Robert Siciliano identity theft expert
Passwords and forms harass and mock me every day of my life. Everywhere I go there is a big burly bouncer who is the password gatekeeper and he needs a beating. He won’t let me in or by the velvet ropes unless I know the secret code. Most of the time I know what he wants, but because I have so many passwords to remember (last count is 456, but less than 200 active/weekly sites), I sometimes forget. Then I try 2-3 other passwords that I think will work before I get locked out. I can’t have all the same passwords because wouldn’t it be just great if I got hacked.
Ultimately I have to go to a password protected file that stores them and begin the copy paste process. But even when I do that there are problems. Sometimes when a password is copied then pasted, the form won’t recognize it. It’s a code thing that’s beyond my expertise.
Some are reading this and wondering why this is even an issue. Saying if you use one browser and have one password manager then it’s a no brainier. But I don’t use one browser. I use 2, Firefox and Chrome. I have my reasons. I also use 4 different computers consistently.
Both browsers have tabs up top and I have at least 15-20 tabs going at the same time. Social media and various blogs are rich with technology that doesn’t always work like it’s supposed to. It’s a constant struggle getting it all to work.
You’d have to be a savant (and have lots of time) to have 8 browsers on 4 PCs working perfectly with Java, Flash, audio, video and all the other plug-ins to make everything work like it should seamlessly.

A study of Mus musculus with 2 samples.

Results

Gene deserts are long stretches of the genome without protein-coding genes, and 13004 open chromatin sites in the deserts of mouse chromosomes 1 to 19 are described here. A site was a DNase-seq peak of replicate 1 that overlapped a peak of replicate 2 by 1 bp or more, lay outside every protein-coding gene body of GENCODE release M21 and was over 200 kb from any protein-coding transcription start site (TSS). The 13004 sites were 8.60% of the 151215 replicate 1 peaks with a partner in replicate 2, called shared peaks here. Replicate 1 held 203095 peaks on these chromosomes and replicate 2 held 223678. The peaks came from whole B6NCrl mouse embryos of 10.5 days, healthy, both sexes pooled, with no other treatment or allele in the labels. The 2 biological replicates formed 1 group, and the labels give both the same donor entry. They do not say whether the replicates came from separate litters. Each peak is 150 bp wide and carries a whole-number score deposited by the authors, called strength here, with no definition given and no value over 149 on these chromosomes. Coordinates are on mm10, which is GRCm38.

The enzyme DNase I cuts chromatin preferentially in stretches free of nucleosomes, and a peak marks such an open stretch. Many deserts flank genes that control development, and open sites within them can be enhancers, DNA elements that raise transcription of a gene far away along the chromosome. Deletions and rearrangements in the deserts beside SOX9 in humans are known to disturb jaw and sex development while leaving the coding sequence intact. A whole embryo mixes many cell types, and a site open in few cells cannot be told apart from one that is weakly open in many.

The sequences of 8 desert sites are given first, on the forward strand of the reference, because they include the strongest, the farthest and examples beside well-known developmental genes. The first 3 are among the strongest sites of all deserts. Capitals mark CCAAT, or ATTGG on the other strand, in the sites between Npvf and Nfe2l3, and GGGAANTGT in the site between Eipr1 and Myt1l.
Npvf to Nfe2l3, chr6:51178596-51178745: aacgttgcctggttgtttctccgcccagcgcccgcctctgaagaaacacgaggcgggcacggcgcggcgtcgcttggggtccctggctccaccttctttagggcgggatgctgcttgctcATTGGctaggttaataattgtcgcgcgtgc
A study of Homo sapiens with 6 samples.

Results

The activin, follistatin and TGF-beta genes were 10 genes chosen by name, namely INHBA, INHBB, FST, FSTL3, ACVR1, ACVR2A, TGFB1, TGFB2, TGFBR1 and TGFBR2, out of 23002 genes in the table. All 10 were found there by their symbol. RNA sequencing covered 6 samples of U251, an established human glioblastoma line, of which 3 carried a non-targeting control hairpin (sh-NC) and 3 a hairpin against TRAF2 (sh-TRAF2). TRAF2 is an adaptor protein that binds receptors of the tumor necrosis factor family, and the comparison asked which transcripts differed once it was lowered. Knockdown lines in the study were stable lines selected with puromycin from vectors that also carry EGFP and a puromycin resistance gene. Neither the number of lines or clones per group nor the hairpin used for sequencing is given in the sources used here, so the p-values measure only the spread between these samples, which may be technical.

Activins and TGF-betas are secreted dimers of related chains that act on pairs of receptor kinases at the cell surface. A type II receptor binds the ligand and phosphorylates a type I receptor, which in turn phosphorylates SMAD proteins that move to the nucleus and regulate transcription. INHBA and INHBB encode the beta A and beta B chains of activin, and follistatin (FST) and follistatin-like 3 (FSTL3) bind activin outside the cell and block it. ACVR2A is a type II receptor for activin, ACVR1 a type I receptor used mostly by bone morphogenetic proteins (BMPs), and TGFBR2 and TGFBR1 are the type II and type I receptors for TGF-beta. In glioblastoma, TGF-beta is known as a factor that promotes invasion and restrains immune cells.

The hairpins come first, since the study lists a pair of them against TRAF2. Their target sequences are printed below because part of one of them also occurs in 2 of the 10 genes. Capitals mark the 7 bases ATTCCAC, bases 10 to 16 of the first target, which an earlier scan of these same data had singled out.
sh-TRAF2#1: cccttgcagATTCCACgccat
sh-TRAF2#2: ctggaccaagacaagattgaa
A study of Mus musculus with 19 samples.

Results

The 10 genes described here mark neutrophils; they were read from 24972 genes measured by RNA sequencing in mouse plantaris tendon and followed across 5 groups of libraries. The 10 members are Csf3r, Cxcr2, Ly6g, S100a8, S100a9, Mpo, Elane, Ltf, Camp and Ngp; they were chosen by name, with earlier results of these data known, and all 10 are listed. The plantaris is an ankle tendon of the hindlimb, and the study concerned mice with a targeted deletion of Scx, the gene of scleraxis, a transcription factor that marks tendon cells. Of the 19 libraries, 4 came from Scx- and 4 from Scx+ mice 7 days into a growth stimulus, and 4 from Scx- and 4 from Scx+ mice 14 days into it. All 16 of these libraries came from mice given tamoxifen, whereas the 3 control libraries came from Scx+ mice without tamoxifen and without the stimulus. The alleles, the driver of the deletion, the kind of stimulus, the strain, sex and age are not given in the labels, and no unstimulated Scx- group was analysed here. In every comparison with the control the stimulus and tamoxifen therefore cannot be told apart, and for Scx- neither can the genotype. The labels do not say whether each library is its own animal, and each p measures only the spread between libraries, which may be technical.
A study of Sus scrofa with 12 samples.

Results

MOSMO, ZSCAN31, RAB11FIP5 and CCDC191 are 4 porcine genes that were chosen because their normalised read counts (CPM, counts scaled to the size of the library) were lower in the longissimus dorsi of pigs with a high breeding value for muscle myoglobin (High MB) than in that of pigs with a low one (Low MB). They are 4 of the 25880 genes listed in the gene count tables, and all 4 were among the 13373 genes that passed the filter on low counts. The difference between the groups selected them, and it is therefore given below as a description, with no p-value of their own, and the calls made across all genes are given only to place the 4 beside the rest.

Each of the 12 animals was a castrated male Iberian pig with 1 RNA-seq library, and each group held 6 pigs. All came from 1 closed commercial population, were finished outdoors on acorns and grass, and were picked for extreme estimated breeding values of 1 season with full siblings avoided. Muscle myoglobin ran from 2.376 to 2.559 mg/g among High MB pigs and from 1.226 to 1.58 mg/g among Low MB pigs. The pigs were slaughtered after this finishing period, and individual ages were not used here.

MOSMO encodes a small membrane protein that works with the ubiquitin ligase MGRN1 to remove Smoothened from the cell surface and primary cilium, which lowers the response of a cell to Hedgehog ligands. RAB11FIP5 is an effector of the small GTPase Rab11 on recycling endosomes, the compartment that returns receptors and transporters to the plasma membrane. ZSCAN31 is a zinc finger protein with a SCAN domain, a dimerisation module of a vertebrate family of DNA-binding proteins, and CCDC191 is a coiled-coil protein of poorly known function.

All of this coupled with the fact that operating systems are often reinstalled, password managers mostly don’t do what they are supposed to, hardly any of them work with more than one browser and I don’t like auto-fill for security reasons. And I’d never use auto-fill on a laptop.
I’ve tried every possible free and fee based password manager and they mostly all have the same thing in common: They don’t do what they claim they do.
CNET introduced me to RoboForm Online. I installed it this week and it works the best of any password manager I’ve ever used. It’s a little buggy with its “master password” that doesn’t always recognize, but the over all experience is a good one.
What I like about it the most is its ability to back up automatically in the cloud among all 4 PCs and with each browser. The “Chromium” RoboForm browser is a Chrome like browser that I had to install because Google hasn’t allowed Chrome to be tweaked by 3rd parties just yet. I had to reinstall Chromium once after it crashed. But it’s working OK.
After working on all 4 PCs over a week on each different browser doing all the different tasks like blogging that help me pay the bills, I finally have most of my passwords in sync and it’s now a relatively painless process. I’m not feeling as violent towards passwords as I once was.
Beefing up passwords using a password manager is much easier. Combine uppercase and lowercase letters, as well as numbers and characters. Don’t use consecutive letters or numbers, and never use names of pets, family members, or close friends. Instead use the first letters of phrases: Full moons on Saturday bring out whackos @12am!: is FmoSbow@12am! That’s a strong password that no sane person will enter manually. But a password manager makes it possible.
Strong passwords help protect identities. In addition you must:
1. Get a credit freeze. Go online now and search “credit freeze” or “security freeze” and go to consumersunion.org and follow the steps for the state you live in. This is an absolutely necessary tool to secure your credit. In most cases it prevents new accounts from being opened in your name. This makes the SSN useless to the thief.
2. Invest in Intelius Identity Theft Prevention and Protection. While not all forms of identity theft can be prevented, you can effectively manage your personal identifying information by knowing what’s buzzing out there in regards to YOU.
Robert Siciliano, identity theft speaker, discusses hacked passwords on FOX & Friends.